Resiliency Authors, 25 June 2016

Britain voted to leave the EU. This is terrible news for the UK, but it is also bad news for the Eurozone. Brexit opens the door to all sorts of shocks, and dangerous political snowball effects. Now is the time to shore up the Eurozone’s resiliency. The situation is not yet dire, but prompt action is needed. This VoxEU column – which is signed by a wide range of leading economists – identifies what needs to be done soon, and what should also be done but can probably wait if markets are patient. 

Peter Bofinger, 08 April 2016

Diagnosing the EZ Crisis is a critical first step towards developing a consensus on how the monetary union should be fixed. This column contrasts views that place the blame mostly on markets with those that place the onus on governments. The fixes necessary for the survival of the euro are – correspondingly – more ‘market discipline’ or ‘political discipline’ exerted at the European level. Neither is very attractive, but it should be clear that ‘market discipline’ is not a mechanism run by atomistic players. Global wealth is highly concentrated, so market discipline means, de facto, a regime of plutocracy.

Rebooting Consensus Authors, 20 November 2015

The Eurozone needs fixing, but it is impossible to agree upon the steps to be taken without agreement on what went wrong. This column introduces a new CEPR Policy Insight that presents a consensus-narrative of the causes of the EZ Crisis. It was authored by a dozen leading economists from across the spectrum. The consensus narrative is supported by a long and growing list of economists.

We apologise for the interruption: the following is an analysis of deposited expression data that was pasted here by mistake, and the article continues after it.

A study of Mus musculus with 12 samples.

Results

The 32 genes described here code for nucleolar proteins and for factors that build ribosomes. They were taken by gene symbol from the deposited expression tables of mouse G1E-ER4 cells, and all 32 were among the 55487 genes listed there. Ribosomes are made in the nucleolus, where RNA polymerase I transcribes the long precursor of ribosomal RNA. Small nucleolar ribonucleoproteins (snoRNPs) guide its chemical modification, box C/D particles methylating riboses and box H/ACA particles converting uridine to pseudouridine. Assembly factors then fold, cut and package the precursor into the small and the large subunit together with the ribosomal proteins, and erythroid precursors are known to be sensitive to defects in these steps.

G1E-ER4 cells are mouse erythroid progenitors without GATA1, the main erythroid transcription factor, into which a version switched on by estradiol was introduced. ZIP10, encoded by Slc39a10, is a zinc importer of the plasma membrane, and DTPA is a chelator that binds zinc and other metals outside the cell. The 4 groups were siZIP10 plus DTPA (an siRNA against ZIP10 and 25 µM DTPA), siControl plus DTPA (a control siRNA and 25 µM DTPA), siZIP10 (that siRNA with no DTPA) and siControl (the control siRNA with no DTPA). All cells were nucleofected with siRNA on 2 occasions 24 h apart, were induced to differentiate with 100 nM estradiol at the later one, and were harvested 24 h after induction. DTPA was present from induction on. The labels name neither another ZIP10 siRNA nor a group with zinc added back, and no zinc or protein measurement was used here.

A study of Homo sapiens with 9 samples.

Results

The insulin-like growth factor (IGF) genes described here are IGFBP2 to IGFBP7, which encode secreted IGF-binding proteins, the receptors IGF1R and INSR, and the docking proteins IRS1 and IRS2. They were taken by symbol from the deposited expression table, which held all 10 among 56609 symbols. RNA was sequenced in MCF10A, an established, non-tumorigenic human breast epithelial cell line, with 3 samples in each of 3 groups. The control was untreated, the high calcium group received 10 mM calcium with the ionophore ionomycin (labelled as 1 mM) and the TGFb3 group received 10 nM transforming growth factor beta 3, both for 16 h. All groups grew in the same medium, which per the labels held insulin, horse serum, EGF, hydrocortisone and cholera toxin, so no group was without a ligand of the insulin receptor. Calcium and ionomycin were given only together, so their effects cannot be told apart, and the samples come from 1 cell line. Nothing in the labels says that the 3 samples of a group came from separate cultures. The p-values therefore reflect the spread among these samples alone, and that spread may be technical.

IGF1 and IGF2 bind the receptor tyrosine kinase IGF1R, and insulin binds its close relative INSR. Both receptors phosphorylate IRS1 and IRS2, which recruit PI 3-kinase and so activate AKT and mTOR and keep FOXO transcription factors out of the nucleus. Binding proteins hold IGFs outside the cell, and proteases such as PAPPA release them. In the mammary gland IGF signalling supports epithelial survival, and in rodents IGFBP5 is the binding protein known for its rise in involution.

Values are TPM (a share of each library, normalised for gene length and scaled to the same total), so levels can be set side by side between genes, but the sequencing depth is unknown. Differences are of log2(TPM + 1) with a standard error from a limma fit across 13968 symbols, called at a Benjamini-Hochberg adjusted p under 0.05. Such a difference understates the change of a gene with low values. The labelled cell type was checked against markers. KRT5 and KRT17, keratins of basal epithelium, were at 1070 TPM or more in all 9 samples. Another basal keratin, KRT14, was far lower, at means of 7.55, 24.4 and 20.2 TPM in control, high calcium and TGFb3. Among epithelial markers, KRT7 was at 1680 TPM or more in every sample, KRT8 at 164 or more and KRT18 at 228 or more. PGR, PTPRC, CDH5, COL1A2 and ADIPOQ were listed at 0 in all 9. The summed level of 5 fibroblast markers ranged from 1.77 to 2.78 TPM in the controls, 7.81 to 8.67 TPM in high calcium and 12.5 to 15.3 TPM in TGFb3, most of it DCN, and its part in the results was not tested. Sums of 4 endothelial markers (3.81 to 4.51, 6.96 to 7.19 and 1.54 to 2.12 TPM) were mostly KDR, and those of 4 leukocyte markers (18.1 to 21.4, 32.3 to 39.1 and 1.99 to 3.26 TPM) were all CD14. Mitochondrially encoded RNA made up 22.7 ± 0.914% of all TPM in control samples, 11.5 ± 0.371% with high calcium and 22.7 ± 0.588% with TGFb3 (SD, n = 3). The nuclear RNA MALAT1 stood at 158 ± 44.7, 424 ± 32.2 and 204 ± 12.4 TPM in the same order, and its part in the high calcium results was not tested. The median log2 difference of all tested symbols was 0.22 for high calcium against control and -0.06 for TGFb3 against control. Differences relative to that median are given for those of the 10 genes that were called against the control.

Richard Baldwin, Thorsten Beck, Agnès Bénassy-Quéré, Olivier Blanchard, Giancarlo Corsetti, Paul De Grauwe, Wouter den Haan, Francesco Giavazzi, Daniel Gros, Sebnem Kalemli-Ozcan, Stefano Micossi, Elias Papaioannou, Paolo Pesenti, Christopher Pissarides , Guido Tabellini, Beatrice Weder di Mauro, 19 November 2015

The Eurozone Crisis, which broke out in May 2010, is a long way from finished. Worse yet, many of the fragilities and imbalances that primed the monetary union for the Crisis are still present. EZ decision-makers will never agree upon the changes needed to prevent future crises unless they agree upon the basic facts that explain how the EZ Crisis got so bad and lasted so long. CEPR Policy Insight 85 presents a consensus narrative of the causes.